Any discussion of this commune begins with the Greve river and its valley, both because most of the vineyards are concentrated along it, particularly in the initial and central part, and because of the truly unique landscape associated with it.
In fact, as can be seen from the first two images, the Greve valley extends in a relatively straight line, starting south of the Lamole area, at the foot of Monte San Michele and Poggio Querciabella, and then flowing northward toward Florence.

Equally distinctive are its two slopes. The first, mainly facing east, includes part of the vineyards of Panzano and the entire area of Montefioralle, extending beyond Colognole. The second, facing west, extends from the area of Lamole and Casole to Greti, passing through Ruffoli and Uzzano and several other places.

At Greti, the course of the Greve veers abruptly westward in the direction of San Casciano Val di Pesa and, as is evident in the third image, the landscape changes just as suddenly. The vista broadens, the soils contain more clay and, as a consequence, the slopes acquire a gentler profile. This is the area of Chiocchio and even more so of Strada in Chianti, to the north along the valley of the Ema stream flowing toward Florence.

Continuing to follow the course of the Ema, now in an easterly direction, once it passes the village of Meleto (not to be confused with the place of that name in the commune of Gaiole in Chianti), the valley wedges between the last offshoots of the Monti del Chianti mountain range and then widens into a small basin at San Polo in Chianti, visible in the fourth image. Here vineyards are concentrated on the sunniest slopes at the foot of Monte Masso and in the area of Rinforzati (not visible in this image) and more sporadically near Poggio Citerna, mainly around the village of Poggio alla Croce, also not visible.

Returning to the third image, and rotating it further to the right, you see a second valley that extends in a southeasterly direction from the castle of Sezzate, reaching first Cintoia and then La Panca, which serves as a gateway to the area of Dudda and Lucolena. As can be seen in the fifth image, this area extends along the eastern side of the Monti del Chianti range and in that sense, as with Starda in the commune of Gaiole in Chianti, it represents a true exception within the denomination.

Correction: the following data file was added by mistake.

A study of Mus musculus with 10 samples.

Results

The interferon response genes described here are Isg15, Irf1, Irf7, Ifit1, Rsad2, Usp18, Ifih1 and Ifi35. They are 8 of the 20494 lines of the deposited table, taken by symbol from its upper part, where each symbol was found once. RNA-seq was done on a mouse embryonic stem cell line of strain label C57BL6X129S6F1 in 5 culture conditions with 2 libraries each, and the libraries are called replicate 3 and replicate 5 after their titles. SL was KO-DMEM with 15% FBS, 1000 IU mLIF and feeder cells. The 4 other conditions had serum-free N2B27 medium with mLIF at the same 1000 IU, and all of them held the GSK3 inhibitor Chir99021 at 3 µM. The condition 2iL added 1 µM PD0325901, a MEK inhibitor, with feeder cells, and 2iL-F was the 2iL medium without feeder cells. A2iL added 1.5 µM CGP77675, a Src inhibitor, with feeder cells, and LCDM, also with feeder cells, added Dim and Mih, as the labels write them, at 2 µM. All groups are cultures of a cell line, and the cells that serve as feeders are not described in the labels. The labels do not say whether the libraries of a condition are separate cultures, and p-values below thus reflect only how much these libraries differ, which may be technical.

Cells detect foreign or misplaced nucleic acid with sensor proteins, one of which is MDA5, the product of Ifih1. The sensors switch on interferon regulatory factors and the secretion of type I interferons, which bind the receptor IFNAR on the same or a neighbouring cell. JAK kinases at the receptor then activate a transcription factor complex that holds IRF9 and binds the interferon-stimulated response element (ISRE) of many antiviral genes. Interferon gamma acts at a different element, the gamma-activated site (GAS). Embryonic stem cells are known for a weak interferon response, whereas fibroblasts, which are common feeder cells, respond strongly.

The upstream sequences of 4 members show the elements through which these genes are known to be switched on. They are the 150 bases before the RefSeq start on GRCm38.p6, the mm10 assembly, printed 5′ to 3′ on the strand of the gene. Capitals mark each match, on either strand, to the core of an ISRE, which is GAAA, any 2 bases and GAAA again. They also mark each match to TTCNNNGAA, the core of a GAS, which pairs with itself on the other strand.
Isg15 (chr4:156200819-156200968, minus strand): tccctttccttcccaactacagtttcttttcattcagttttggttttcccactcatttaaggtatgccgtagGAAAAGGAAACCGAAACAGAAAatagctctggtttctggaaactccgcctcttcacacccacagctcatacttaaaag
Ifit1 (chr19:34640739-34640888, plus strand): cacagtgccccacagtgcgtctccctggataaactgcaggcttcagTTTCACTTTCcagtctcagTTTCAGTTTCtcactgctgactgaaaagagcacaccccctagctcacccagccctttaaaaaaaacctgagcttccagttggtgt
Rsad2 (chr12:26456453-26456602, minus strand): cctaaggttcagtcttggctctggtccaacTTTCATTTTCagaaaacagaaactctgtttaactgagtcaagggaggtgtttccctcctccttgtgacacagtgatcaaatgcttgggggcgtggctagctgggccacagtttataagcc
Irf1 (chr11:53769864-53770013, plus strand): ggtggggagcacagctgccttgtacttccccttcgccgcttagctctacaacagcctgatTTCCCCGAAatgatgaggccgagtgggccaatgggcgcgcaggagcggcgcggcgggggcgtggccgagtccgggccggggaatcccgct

With the sixth and last image we return to the Greve valley and precisely to Panzano in Chianti. Besides the vineyards facing east, which we already described along with the first two images, the hamlet of Panzano also extends along the opposite side of the ridge toward the Val di Pesa, where most of its vineyards are concentrated.


As simple and intuitive as the use of panoramic images may be, some clarifications and suggestions seem in order.

  1. The number of images used in the virtual tours of the individual communes depends on the form and size of their territories. Some can be covered in a few images and others require more detail. The number of images does not imply in any way a difference in importance from one commune to another.
  2. To navigate through the various images in the tour of each commune use the thumbnails at the bottom, above the command bar. To rotate the images, to the right or left, drag them with the mouse or with your fingers if you are using a phone or tablet.
  3. In each image you will find names that identify geographical points and/or toponyms.
  4. The three colors used for the various names have different meanings. In white are the names of estates and hamlets within the Chianti Classico DOCG zone. In red are the names of communes, villages, mountains and hills within the same boundaries. In blue are the names of geographical points outside the Chianti Classico DOCG territory. Some of the latter, such as mountains and hills, have been inserted to contextualize Chianti Classico in relation to other easily recognizable areas of Tuscany.
  5. Finally, the course of rivers and streams, as well as the boundaries of communes and denominations, when highlighted, are to be considered approximate, because in some cases they may be hidden by vegetation, buildings or geographical features, or, in other cases, because the details of the image prevent precise identity.